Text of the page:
Offaly's Séamus Darby scores the winning goal in the 1982 All-Ireland SFC final against Kerry.

Offaly's Séamus Darby scores the winning goal in the 1982 All-Ireland SFC final against Kerry.

Kevin McManaman

Kevin McManaman


Offaly's Séamus Darby scores the winning goal in the 1982 All-Ireland SFC final against Kerry.

1. Séamus Darby (Offaly v Kerry 1982)

“All I could do was hang in around the 13-metre line and hope we’d manage to create something in the time left. While part of me panicked that there might not be an opportunity, an echo deep inside the chambers of my mind whispered that was not lost” – Séamus Darby.

He was right. A cross-kick, a fetch, a shot, a goal. Offaly 1-15 Kerry 0-17. Darby’s goal is arguably the most famous in championship history, having wrecked Kerry’s five-in-a-row ambitions. Darby was on the pitch only a few minutes when he struck.

2. Kevin McManamon
(Dublin v Kerry 2011)

The goal that launched an empire. McManamon’s strike in the 64th minute ignited a Dublin revival – they were four points down at the time – which steered them to the title. Apart from scoring that priceless goal, McManamon, who came on in the 46th minute, was central to Dublin’s rally as his strong running presented Kerry with a problem they hadn’t encountered earlier. He played the ‘super sub’ role brilliantly on several other occasions, too. That was down to his ability to switch on to the game instantly, a quality not all players possess.

3. Peter Canavan
(2003 v Armagh and 2005 v Kerry)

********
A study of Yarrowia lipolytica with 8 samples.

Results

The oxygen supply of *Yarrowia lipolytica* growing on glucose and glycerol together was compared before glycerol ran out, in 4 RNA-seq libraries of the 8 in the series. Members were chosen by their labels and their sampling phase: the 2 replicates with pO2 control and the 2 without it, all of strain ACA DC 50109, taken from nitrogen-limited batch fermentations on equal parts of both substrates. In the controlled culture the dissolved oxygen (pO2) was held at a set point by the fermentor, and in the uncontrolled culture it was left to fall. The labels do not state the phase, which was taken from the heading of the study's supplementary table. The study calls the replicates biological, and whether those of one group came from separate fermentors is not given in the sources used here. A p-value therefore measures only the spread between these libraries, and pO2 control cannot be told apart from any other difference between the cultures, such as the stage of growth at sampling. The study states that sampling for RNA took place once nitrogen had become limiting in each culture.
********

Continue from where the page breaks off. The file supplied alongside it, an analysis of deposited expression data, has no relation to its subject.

Mickey Harte brought a new approach to the use of subs and it worked, largely because the man involved was Peter Canavan. An ankle injury left him in doubt for the 2003 final, but he was deemed so important to the Tyrone cause that Harte opted to start him knowing he wouldn’t last the full 70 minutes.

He was replaced at half-time but returned in the 65th minute to steady his colleagues as Tyrone closed out the game. It was the same in 2005. He played the first half, during which he scored a goal, went off at half-time and returned after 55 minutes. It worked well then, too.

4. Kevin Walsh
(Galway v Kerry 2000 draw)


He was the dominant midfielder from there on and drew a powerful response from his colleagues.

Galway out-scored Kerry 0-13 to 0-6 in the final 45 minutes and were unlucky not to snatch a late winner. It was a missed opportunity that proved crucial as they lost the replay.

5. Nicholas Murphy
(Cork v Down 2010)

The script was reading all wrong for Cork. Having lost the 2007 and 2009 All-Ireland finals to Kerry, it was felt their experience would be too much for Down, all of whose players were All-Ireland final novices.

The Ulster side didn’t play like that in the opening 27 minutes, during which they raced into a five-point lead. They were still three ahead at half-time when manager Conor Counihan decided it was time to despatch Murphy into action.

He replaced Alan O’Connor and, almost immediately, the balance of power shifted. Murphy played superbly until forced off injured in the 65th minute, by which stage Cork were leading and on their way to a one-point win.